Have you heard the one about the big, strong men who were reduced to tears in the presence of Donald Trump because of something the president did?
If you've listened to Trump long enough, chances are you've heard some variation of his story about the stoic, never-cried-in-their-lives guys who burst into tears as the president signed an executive order or passed some legislation to help them. There's only one problem: it's made up.
The crying men story trend was picked up by Canadian journalist Daniel Dale, who made note of a story Trump told this week about a group of men who cried when he signed an executive order that affected their livelihood. But as Dale noted on Twitter, there was video of the executive order signing and it showed a total lack of tears from the men behind Trump.
"In Iowa this week, Trump told a story about how homebuilders, farmers and ranchers were crying as they stood behind him when he signed his executive order on the Waters of the United States rule," Dale wrote. "He signed the order on camera. Nobody cried at any point."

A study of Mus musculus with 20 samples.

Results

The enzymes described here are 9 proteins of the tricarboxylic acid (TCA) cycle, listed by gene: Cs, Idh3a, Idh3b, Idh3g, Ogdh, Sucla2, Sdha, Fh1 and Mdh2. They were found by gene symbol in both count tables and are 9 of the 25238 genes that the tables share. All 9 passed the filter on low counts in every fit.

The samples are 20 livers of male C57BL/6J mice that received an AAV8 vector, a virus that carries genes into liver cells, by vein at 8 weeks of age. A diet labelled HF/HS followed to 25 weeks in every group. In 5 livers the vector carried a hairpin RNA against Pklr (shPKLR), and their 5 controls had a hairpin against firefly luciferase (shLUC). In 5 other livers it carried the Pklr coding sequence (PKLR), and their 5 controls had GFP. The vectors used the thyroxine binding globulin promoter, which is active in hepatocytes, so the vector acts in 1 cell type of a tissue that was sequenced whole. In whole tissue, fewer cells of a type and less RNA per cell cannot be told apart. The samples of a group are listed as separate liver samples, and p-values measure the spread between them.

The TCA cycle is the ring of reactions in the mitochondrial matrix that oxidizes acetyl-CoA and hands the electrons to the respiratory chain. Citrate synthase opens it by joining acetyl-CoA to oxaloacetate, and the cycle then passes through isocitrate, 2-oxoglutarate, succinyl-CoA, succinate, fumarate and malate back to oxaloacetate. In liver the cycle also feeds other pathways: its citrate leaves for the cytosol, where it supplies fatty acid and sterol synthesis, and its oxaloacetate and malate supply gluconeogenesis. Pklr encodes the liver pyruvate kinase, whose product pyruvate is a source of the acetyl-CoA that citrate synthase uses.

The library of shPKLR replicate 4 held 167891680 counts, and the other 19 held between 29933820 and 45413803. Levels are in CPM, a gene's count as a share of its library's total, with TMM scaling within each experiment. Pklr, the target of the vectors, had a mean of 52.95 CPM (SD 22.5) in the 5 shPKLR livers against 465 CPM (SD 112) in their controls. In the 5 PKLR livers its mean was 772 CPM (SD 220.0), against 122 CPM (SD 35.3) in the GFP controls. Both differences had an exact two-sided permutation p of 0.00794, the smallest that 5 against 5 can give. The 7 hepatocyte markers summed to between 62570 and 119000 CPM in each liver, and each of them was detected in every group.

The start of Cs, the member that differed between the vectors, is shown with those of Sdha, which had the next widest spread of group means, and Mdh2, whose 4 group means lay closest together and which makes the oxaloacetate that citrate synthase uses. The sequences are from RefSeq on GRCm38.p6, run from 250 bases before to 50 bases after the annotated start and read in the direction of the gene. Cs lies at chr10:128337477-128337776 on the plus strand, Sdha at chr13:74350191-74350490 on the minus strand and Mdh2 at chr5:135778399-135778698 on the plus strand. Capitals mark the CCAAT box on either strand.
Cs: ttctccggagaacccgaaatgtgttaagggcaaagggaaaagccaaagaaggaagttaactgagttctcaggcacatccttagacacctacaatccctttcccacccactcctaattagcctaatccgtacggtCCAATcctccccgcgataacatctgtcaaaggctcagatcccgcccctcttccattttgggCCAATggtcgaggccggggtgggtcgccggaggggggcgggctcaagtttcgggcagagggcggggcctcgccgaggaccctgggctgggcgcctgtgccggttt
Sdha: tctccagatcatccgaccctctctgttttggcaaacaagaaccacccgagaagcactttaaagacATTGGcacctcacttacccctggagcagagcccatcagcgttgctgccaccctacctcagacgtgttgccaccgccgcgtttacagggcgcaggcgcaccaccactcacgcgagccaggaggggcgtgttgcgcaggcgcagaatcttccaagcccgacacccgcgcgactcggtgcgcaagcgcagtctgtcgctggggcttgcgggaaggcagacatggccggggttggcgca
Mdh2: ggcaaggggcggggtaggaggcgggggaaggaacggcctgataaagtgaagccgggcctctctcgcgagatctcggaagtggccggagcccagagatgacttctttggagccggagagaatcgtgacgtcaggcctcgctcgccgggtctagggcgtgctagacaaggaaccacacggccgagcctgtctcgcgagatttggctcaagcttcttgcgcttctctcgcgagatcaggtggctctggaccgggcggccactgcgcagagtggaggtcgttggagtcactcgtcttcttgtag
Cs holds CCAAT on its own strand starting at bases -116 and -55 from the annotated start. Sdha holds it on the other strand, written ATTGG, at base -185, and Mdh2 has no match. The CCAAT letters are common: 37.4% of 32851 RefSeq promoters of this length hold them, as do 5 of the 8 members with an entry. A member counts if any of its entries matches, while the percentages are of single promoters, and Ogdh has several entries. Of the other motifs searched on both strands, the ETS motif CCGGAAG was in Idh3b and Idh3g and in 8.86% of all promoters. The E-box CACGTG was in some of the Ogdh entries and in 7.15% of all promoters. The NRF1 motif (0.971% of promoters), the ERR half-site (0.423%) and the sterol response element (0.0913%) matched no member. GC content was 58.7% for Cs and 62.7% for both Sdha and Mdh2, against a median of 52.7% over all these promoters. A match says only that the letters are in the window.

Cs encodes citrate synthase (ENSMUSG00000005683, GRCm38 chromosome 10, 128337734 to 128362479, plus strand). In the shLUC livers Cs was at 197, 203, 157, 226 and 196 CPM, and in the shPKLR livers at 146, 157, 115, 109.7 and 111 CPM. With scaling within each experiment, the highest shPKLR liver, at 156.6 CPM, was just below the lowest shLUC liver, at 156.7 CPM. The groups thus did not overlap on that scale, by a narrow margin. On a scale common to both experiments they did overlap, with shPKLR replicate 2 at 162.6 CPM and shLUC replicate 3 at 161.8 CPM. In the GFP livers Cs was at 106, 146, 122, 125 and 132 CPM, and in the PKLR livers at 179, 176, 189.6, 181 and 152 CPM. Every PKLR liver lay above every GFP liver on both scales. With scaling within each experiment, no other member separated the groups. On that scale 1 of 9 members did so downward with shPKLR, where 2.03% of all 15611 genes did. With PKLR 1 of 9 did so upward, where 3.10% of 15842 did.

Dale noted that this is now the second time Trump has told the lie about grown men bursting into tears, but said Trump usually claims it happened "backstage" or somewhere with no witnesses who could contradict the story. The difference with the one in Iowa was there was video of Trump signing the executive order, and proof that no strong men actually cried because of Trump's actions.
The account of Trump's bizarre tale of men bursting into tears has caused a stir online, with many mocking Trump for a fake story that seems to elevate himself to legendary proportions. Others noted that Trump seems to have a tendency to spin tales that paint himself in a glowing light, even when the facts don't come anywhere close to matching up his tales.Donald Trump has often been blasted for sharing obviously fake stories, despite his frequent attacks on so-called "fake news" against him. Last week, as Trump traveled to the U.K. for a state visit, some news outlets revisited Trump's habit of using the royal family's popularity to spread fake reports about his own businesses.As CNN noted, Trump was known to plant fake stories in the New York tabloids claiming that members of the royal family were interested in buying Trump properties, including one that Princess Diana was going to buy a $3.5 million condo in Trump Tower.